Football: Inspirational Ince ready for action

England's midfield general says there is more to his game than tough tackling.
WHILE Paul Scholes and Alan Shearer grabbed all the headlines following England's 2-0 victory over Tunisia in Marseilles last Monday, the foundation for their success had been laid further back in the heart of midfield. Paul Ince, the self-styled "Guvnor" winning his 40th cap, set the example for others to follow with a display that was as aggressive and wholehearted as any game he has played for his country.

His tenacious tackling, allied to a high-class all-round game, has elevated the former West Ham and Manchester United player to a position of credibility in the world game, especially since his spell with Internazionale where he won the hearts of the Milanese fans before returning to England as the Liverpool captain. Indeed, when seasoned observers compare the current England side with the World Cup winners of 1966, they point to a lack of world-class players, but there are few, if any, more effective defensive midfield players than Ince playing for any team in the tournament.

"I think I've improved technically as a player since I've been to Italy," Ince explained yesterday, in a very good-humoured interview at England's training camp in La Baule. "Before I was a bit raw. Also the older you get, the more experienced you get and I think that helps a player. You learn to conserve your energy, you know when to go for a ball and when not to, instead of running around like a lunatic - sorry, headless chicken."

Ince's partnership with Paul Gascoigne in midfield was one of the more fruitful international liaisons of recent times - England only lost once in 18 games they started together - but, with Gascoigne gone, Ince is forging a new double act, albeit of a slightly different nature, with Newcastle United's David Batty.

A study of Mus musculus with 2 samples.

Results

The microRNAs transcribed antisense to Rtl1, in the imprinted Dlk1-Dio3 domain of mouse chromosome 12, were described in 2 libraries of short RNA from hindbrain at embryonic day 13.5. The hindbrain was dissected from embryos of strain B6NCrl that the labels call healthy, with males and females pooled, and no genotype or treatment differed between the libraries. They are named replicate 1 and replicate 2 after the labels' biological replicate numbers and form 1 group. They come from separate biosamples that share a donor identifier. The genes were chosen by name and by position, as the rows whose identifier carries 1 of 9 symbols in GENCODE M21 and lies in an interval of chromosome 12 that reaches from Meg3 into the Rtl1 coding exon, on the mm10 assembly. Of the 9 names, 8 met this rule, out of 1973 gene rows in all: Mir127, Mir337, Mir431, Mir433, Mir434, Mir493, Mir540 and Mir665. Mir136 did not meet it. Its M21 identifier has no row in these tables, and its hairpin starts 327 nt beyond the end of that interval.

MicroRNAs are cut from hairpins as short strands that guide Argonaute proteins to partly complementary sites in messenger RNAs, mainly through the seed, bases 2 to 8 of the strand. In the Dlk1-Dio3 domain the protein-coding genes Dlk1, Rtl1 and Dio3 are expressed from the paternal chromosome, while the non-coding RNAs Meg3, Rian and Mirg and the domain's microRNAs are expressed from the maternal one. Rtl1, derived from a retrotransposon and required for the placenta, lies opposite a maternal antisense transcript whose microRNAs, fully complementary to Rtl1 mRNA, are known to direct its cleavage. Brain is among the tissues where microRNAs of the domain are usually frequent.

"I think we're starting to blossom as a partnership and I don't think we get the credit we deserve," Ince said. "People always look at the flair players and the goalscorers, but as far as far as I'm concerned we do a very good job in there. All the chasing and harrying puts their players under pressure and gives us a chance to get the ball to Scholes or Becks or whoever's playing."

Some would say playing both Ince and Batty is at times too negative, as their roles duplicate one another but Ince refutes that. "I wouldn't say we're similar styles," he said. "I like to get forward a lot more. It's only the fact that I've spent most of my career as a holding player that people say we're similar. Last year I got 10 goals in Serie A and this year I scored eight goals in the Premiership so I think we're different in that way. But for England we've just got a job to hold and protect our back four."

Ince's proudest moment in an England shirt was undoubtedly captaining them to a goalless draw in the absence of Alan Shearer in the decisive World Cup qualifier in Rome last October, and although Shearer wears the armband when fit there is no doubt Ince i s a natural leader.

"On the field I'm a nasty person," he said. "I'm really, really horrible because I want to win so badly and I slaughter the lads all the time. If someone's not up to scratch I'll tell them. If I make a mistake I'll say sorry but I do go off my trolley when I'm out on the pitch and for that 90 minutes I make sure everyone's doing the right thing. I think you need people like that. Probably Tony Adams does it in a calmer way, I do it in a more ferocious way. It keeps players on their toes."

His aggressive style inevitably made Ince a focus of special attention when Fifa's new guidelines regarding foul play were first published. "Glenn had a chat with me and said it was important to stay on your feet, which wasn't a problem as far as I was concerned. I'm a hard tackler but I'm a fair tackler. I think the problem could be if you're getting beat 2- 0, the game's slipping away or someone does one of your team-mates with a bad tackle, then you might go for it. It can happen. But if the game's going the way you want it to go, I can't see any of our lads getting sent off.

"I don't think my game's just about tackling though," Ince added, but whether he likes it or not it will always be his tackling which sets him apart. "I like to set the tone of the game," he said, "and in order to do that you want to get a tackle in as early as possible to get everyone pumped up. It's happened at Liverpool a few times when we've been struggling, then someone gets a crunching tackle in and it lifts everyone else. I think it's a very important part of the game."

Nobody in their right mind is going to argue with that and England will be hoping that the Romanians are suitably impressed when the teams meet in Toulouse on Monday night.